Do not be fooled by the cartoons in the pictures or the cutesy title of this Netflix TV series. BoJack Horseman is rated TV-MA and probably one of the heaviest shows you’ll find on the streaming app. You might see all of the animals and be endeared, but this series is not the easy, breezy, piece-of-cake television you might think it is. It’s got some pretty dark themes. But it also has amazing writing, incredibly realistic characters (even if some of them are animals), and quite a story to relate about the crazy entertainment industry in Hollywood. This show is near and dear to my heart; I started watching this show out of sheer boredom during my freshman year of college. Little did I know how attached I would get to this show and how sad I’ll be now, four years later, as it comes to a grand finale with its sixth season. Since I’m a fan of shows like The Simpsons and Family Guy, I was excited to watch another adult cartoon, but I had no idea just how profound it would be. Let’s dive into my favorite Netflix show of all time, BoJack Horseman!
From the title, you can guess who the main character is – it’s BoJack Horseman, a washed-out celebrity who used to star in a successful sitcom during the ’90s. He’s gone downhill since the success of the sitcom and is now an alcoholic with awful personal habits like pushing away the people who care about him, self-destructing his relationships, exhibiting plain meanness, and victimizing himself without first working on how he can make himself a better person. You can just see the potential his character arc has from the beginning, though, because he has a lot of other redeeming qualities, like any other person. He’s hilarious, unique and doesn’t follow the ridiculous trends of Hollywood, and he’s actually a very talented actor.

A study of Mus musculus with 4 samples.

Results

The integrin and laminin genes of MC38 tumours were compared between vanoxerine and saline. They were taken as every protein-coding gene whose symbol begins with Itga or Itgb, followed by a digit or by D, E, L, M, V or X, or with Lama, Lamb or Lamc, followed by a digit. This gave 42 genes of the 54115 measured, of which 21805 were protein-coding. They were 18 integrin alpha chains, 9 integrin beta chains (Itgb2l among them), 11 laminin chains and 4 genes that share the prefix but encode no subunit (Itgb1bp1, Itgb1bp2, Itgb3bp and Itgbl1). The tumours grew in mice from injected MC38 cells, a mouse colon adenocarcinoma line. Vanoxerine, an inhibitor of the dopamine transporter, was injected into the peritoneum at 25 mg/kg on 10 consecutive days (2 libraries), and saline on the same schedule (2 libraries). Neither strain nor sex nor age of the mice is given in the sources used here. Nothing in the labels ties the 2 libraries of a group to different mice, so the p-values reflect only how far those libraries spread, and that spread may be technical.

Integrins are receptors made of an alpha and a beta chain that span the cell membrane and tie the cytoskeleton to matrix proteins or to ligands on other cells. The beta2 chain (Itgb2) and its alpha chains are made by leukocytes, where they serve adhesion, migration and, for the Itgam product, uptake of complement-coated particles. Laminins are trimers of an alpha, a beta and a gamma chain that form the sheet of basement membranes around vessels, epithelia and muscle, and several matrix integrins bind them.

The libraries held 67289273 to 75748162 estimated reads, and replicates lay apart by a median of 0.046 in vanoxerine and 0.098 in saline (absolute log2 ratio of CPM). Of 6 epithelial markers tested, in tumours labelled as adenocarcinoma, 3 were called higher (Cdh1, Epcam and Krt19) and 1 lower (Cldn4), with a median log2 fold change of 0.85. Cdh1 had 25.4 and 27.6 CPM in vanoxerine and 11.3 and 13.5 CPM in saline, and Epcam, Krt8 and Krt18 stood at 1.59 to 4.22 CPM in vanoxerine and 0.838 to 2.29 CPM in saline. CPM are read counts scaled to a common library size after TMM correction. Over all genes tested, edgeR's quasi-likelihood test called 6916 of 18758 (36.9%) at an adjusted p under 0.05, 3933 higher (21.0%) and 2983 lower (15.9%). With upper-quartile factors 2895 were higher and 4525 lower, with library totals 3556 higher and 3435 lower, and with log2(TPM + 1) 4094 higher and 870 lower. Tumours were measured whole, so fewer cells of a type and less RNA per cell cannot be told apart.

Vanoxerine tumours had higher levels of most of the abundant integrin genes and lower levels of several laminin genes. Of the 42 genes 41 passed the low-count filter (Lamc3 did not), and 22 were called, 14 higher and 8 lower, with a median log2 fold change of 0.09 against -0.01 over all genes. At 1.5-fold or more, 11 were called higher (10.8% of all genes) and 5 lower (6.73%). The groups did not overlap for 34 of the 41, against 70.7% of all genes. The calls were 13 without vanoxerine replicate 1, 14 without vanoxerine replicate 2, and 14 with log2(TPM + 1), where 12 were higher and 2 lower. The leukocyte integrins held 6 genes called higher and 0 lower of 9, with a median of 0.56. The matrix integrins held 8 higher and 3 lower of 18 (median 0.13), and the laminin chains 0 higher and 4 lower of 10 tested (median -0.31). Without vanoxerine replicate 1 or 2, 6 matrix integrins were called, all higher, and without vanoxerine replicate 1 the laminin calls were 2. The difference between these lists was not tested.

As the seasons go on, we see how he picks himself up with the help of his go-getter agent Princess Carolyn, his new writer friend Diane and her husband Mr. Peanutbutter, and his “roommate” Todd Chavez, who really just happened to crash on his couch one day and stayed for good. He eventually lands roles again, attempts to have some great romantic relationships, and gets up to all kinds of shenanigans as he continues to party his way around Hollywood. While his career starts to soar, his mental health still takes a backseat, and even though he hasn’t yet gotten to the point of no return, he continues to make terrible mistakes. By the fifth season, he has a ton of demons he still hasn’t worked through, concerning the death of one of his sitcom costars, the daughter of one of his old friends, and trauma inherited from his parents. At the end of the fifth season, he finally reaches the point of no return, not being able to distinguish reality from fiction, and he is sent to a rehab center.
The sixth season of BoJack Horseman was released in October, and we get to see how BoJack has transformed into a sober man (well, horse-man). Life isn’t sunshine and daisies, but he really demonstrates how a person can change if they keep at it, even after hitting rock bottom so many times. That message sticks out over everything and makes it impossible not to love this damaged character and the world around him. I’m sad to see this show come to an end, but I’m sure I’ll be binge-watching the seasons over and over again until I find another show to warm my heart like this one does.